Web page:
Child’s Play 2
    Running Time: 84 Minutes

    John Lafia


Child’s Play 2 (1990)

Surely Andy will have more support from adults when a creepy doll starts hunting him down again?

A young boy called Andy has a fear of dolls, and is forced to live with a strict foster family; Chucky, a living, talking and murdering doll, hunts him down in order gain his human form back by taking over the boy’s soul.

Child’s Play 2 suitably skips the introductions of the consistent characters in Andy and Chucky, which helps quicken pace and allows for more character development around Andy’s new family and his older foster sister, Kyle. Unfortunately though most of the family come across as incredibly frustrating for the viewer, with them deciding to put any abnormal occurrences down to his troubled past rather than actually listening to his cries for help. Despite this, it does work well to isolate the young boy in the end, ramping up the scare factor for the later scenes. Andy is also now played more comfortably by Alex Vincent, who himself is two years older, moving past the annoying child of the first film; gone is the uncontrollable whining from the previous film, and he seems to have a more significant lasting contribution to the film – again, this is likely down to his slightly older age and Don Mancini’s written development of the character.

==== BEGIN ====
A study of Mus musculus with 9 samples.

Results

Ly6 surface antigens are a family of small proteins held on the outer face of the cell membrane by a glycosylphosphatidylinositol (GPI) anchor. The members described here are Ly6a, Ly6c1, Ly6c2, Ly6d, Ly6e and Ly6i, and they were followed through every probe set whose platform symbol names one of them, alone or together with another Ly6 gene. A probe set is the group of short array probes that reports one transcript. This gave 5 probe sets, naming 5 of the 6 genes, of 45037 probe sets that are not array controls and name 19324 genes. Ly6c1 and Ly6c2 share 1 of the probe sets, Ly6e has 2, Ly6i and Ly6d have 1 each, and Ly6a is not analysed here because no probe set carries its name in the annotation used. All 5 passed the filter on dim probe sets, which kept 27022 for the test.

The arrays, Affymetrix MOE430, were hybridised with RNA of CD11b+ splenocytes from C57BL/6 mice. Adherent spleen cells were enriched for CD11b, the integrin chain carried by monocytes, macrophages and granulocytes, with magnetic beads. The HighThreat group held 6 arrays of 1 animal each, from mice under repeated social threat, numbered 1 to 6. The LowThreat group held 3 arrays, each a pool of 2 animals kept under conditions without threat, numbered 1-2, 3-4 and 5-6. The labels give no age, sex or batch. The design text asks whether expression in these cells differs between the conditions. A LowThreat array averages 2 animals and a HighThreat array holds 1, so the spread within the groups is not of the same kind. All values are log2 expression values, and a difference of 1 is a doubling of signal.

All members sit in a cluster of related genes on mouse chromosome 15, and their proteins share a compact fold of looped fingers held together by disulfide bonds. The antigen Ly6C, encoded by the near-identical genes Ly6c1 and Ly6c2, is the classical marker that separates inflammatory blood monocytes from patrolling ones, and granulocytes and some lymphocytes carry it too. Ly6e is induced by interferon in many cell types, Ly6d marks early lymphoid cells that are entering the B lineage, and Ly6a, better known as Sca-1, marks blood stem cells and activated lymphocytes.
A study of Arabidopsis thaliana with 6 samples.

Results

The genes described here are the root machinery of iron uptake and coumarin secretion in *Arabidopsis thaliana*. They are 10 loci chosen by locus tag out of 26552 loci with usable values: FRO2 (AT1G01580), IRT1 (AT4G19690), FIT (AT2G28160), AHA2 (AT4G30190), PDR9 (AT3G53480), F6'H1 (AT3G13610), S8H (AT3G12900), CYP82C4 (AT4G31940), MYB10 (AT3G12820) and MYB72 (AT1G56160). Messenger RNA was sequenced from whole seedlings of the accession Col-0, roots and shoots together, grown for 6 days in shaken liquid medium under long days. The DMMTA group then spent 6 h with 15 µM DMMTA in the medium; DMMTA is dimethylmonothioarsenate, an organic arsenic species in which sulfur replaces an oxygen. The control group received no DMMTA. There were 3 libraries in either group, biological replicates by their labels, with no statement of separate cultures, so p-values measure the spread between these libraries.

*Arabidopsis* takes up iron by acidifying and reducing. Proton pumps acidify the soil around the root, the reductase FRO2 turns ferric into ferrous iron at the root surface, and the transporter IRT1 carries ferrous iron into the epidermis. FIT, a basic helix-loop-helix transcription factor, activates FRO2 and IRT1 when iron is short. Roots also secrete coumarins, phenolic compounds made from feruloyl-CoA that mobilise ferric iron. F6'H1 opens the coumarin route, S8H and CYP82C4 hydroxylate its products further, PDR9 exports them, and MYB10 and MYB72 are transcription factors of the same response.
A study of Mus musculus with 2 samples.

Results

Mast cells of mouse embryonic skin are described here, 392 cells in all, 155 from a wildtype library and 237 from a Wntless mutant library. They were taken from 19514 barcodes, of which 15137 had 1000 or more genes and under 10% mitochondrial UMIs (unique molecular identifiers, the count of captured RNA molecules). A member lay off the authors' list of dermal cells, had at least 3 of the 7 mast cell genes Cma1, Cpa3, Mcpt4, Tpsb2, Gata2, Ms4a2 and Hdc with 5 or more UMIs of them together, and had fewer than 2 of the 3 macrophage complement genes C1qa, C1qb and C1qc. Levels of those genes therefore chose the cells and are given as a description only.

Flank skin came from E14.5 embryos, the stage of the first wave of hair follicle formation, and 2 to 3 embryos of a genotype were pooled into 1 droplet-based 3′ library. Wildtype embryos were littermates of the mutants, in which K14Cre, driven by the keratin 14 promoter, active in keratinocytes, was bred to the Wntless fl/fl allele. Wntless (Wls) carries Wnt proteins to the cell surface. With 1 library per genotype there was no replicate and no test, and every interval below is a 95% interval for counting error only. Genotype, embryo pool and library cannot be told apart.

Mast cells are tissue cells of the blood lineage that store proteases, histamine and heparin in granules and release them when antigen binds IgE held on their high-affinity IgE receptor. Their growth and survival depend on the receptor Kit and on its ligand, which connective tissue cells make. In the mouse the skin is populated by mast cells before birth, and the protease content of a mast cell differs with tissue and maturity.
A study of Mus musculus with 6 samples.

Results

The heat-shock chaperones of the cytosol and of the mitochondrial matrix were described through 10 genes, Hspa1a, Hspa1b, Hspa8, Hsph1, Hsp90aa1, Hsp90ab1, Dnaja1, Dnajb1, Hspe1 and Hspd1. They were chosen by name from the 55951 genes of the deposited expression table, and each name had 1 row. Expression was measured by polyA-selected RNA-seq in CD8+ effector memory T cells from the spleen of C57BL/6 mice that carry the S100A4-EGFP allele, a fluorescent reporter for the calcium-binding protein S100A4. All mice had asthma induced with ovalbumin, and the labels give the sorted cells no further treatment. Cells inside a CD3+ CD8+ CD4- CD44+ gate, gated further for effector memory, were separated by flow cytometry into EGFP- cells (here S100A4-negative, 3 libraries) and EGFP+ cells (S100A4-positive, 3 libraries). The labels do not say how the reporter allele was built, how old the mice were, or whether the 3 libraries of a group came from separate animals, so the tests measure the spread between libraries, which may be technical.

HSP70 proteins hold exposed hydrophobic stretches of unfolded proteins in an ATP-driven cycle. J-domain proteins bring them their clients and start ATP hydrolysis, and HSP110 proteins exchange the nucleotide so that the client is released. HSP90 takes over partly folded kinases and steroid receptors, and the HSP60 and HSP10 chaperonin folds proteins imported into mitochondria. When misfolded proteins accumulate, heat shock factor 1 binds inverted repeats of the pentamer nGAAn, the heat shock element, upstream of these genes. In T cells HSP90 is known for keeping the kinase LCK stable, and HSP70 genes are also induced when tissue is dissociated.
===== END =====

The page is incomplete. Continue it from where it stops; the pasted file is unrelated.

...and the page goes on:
This thrilling sequel excels mainly in its horror elements and relies heavily on its ability to scare, also taking up a more interesting and, dare I say, realistic outlook on the living doll. His relentless pursuit of the boy in a quiet factory and a dark basement adds an edge to the chase scenes with large knives and heavy machinery; a massive improvement on the boring apartment of the previous film. While still not being utterly convincing – how realistic can a talking doll actually be? – the film still does well to make you care for the lead and his new protective sister, Kyle. While she doesn’t believe Andy for a large portion of the film, she eventually comes round and sees the truth when actually threatened by Chucky; this is great for older audiences who can finally relate to an older character in the franchise. After all, we hope there won’t be any kids watching this to relate to the lead child character Andy.


Improving on the previous film, Child's Play 2 uses the same strategy but executes it more effectively. Now with new characters and a scarier Chucky, it certainly delivers on providing a decent continuing story and even lifts the franchise an extra notch.

What did you make of the second installation of the Chucky franchise? Is it more of the same or does it do enough different to bring a new compelling film?